Electoral processes have become one of the perfect targets for those who promote disinformation and misinformation. Unfortunately, not only citizens have fallen into their nets, but also the media and journalists have faced the difficult challenge of identifying it and combating its effect on society.
Against this backdrop, and with several countries in the region about to hold elections, the Latam Chequea network and UNESCO are offering a series of free talks [in Spanish] entitled "Strategies to counteract electoral disinformation in Latin America and the Caribbean," as part of the PortalCheck project. This project, developed by the Argentinean website Chequeado, together with the network and UNESCO, seeks a deeper understanding of the electoral disinformation circulating in the region. It seeks to share it with key actors, so they can find tools to combat it.
"The effects of disinformation in elections have been especially worrisome in recent years. Attempts have been made to delegitimize the outcome of elections based on disinformation, which can affect citizens' confidence in democratic processes. There is also disinformation that seeks to prevent people from voting — for example, by misinforming them about the day or place of voting — or to confuse them and affect their ability to cast a valid vote," Olivia Sohr, director of Impact and New Initiatives at Chequeado, told LatAm Journalism Review (LJR).
According to Sohr, the talks seek precisely to discuss the tools that different "key actors" can use most effectively.
"The specific actions are different depending on the type of actor, but we hope they will help us to be better prepared to act quickly and mitigate the effect of disinformation in electoral processes," she added.
Taking into account this differential factor, the talks are aimed at three key actors: journalists, secondary school teachers and electoral bodies. Each of these talks, designed with particularities for each group, will have a duration of two hours and will be held virtually.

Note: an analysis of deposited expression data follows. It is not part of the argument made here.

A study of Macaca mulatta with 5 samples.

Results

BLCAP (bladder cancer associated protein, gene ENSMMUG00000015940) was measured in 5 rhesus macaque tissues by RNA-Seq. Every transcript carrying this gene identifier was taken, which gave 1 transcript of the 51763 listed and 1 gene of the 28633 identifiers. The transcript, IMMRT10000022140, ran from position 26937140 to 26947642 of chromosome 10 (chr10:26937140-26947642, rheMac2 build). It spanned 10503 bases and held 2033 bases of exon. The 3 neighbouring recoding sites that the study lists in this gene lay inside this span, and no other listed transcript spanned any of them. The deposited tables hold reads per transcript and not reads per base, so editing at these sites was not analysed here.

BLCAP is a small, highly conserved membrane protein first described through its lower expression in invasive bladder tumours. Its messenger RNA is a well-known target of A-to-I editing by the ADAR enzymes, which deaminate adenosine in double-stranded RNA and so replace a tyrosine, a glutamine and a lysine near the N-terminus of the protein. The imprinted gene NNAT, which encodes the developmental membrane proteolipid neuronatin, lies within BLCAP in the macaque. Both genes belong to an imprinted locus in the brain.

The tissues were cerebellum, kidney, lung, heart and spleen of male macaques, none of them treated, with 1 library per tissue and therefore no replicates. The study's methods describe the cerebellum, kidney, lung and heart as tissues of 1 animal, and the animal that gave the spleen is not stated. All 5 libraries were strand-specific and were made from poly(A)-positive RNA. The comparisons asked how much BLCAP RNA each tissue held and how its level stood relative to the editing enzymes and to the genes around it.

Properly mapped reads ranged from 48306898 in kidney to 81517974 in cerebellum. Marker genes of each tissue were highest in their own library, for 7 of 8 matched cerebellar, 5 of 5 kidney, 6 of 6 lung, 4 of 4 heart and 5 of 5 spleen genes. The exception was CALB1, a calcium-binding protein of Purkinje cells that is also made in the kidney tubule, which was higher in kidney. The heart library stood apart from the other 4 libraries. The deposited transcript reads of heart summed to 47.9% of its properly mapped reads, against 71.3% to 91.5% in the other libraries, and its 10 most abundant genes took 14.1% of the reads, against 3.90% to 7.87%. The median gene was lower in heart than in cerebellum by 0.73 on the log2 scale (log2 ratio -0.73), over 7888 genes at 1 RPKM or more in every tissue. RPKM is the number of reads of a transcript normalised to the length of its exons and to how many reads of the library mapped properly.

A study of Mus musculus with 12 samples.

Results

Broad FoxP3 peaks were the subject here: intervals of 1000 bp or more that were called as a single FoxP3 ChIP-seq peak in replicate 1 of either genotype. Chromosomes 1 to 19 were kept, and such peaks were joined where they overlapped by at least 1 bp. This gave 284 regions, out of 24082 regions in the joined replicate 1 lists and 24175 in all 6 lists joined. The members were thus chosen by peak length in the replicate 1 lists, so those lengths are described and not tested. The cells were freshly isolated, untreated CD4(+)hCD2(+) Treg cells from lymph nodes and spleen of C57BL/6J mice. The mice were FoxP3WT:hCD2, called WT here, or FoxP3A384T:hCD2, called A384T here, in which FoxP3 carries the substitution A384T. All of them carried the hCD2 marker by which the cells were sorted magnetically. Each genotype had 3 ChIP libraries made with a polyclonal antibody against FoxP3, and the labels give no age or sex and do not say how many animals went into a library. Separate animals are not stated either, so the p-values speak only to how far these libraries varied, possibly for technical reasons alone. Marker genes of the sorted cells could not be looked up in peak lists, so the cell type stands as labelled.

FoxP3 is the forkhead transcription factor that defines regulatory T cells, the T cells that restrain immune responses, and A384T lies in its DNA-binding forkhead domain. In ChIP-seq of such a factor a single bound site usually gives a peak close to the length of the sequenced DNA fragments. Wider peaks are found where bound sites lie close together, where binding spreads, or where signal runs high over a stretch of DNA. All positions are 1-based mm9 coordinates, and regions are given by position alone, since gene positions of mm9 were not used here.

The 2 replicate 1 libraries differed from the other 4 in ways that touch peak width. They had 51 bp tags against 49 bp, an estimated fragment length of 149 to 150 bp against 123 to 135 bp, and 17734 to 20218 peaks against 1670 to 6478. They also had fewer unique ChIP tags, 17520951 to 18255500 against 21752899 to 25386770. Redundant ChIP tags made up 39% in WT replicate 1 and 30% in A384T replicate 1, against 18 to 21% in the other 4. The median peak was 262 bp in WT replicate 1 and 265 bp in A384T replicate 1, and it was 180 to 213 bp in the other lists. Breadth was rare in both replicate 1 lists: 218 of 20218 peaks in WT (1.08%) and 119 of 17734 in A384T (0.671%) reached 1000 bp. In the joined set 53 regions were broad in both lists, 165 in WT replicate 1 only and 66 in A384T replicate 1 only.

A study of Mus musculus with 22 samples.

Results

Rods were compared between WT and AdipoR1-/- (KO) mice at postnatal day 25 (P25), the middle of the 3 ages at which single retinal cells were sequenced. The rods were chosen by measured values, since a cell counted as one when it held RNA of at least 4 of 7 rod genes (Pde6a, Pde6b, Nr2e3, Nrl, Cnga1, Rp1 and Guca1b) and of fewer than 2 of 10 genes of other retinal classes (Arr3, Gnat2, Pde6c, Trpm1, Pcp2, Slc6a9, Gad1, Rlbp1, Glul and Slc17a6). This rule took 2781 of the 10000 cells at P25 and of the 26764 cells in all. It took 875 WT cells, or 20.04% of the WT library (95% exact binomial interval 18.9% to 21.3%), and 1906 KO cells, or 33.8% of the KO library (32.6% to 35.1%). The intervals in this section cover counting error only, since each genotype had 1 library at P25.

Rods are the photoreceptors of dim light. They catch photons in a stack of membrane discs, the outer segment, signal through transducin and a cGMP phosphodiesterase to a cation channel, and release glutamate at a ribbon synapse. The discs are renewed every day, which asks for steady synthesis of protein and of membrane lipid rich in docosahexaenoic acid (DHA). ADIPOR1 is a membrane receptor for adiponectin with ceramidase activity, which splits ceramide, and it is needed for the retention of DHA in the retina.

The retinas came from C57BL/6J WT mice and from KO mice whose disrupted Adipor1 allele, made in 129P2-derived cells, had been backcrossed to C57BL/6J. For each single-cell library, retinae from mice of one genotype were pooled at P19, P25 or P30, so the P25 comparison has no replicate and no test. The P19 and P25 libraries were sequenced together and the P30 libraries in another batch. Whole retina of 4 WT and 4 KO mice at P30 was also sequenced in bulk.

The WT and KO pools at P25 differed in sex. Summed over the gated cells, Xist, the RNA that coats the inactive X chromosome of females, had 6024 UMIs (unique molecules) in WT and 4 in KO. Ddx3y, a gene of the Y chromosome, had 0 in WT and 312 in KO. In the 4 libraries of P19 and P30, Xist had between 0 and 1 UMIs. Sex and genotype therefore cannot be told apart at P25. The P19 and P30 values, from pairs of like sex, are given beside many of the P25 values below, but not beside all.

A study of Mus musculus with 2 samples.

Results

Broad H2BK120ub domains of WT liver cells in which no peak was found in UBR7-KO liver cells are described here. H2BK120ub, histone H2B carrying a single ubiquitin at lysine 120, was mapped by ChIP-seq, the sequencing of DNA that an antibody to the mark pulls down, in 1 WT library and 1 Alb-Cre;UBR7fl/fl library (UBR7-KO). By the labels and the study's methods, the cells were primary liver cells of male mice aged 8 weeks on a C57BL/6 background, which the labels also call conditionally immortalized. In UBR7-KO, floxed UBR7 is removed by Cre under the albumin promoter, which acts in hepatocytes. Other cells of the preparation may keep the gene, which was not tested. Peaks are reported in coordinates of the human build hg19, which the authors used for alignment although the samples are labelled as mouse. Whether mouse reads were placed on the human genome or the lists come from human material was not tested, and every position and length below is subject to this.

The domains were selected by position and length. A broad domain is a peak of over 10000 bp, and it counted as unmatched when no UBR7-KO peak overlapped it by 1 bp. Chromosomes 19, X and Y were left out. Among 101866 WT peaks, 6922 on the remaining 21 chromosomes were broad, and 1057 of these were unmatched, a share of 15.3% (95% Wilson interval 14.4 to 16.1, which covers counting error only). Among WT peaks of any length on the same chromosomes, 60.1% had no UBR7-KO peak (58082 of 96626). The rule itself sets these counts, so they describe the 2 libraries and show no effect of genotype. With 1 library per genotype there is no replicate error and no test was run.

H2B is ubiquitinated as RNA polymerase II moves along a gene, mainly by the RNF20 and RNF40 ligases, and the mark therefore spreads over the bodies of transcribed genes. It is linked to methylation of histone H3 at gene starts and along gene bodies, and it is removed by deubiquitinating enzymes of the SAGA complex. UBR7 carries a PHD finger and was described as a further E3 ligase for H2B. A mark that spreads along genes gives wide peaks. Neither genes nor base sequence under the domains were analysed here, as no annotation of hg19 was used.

In the case of journalists, the first talk will take place this June 6 at 5 p.m. (Argentina time) and the next one will be on Wednesday, June 14 at 10 a.m. (Argentina time). Talks for electoral authorities are scheduled for July 5 (3 p.m. Argentina time) and Thursday, July 13 (10 a.m. Argentina time).
Talks for journalists will focus on how they can identify and counteract electoral disinformation through different strategies, such as not amplifying disinformation and how to disprove it, as well as how to work with especially vulnerable audiences, Sohr said. However, in all of them there will be common introductory points related to the phenomenon of disinformation itself and how false content circulates.
The experience of the Latam Chequea network, coordinated by Chequeado, in different countries of the region, shaped the content of the lectures. In this sense, these lessons can be useful for any country in the region.
"Disinformation in electoral contexts poses a great threat to democracy. At UNESCO, we believe that the best strategy to counteract this phenomenon is to generate the ability in citizens to detect disinformation, know the ways in which it spreads, not contribute to its dissemination, and even create counter-narratives," said Rosa M. González, UNESCO's regional advisor on Communication and Information for Latin America and the Caribbean. "To empower citizens, we work especially with key actors such as journalists and the media, electoral authorities, and educators. The PortalCheck - Elections project offers training series and useful tools for this purpose."
Participation is free of charge, but requires prior registration through this form.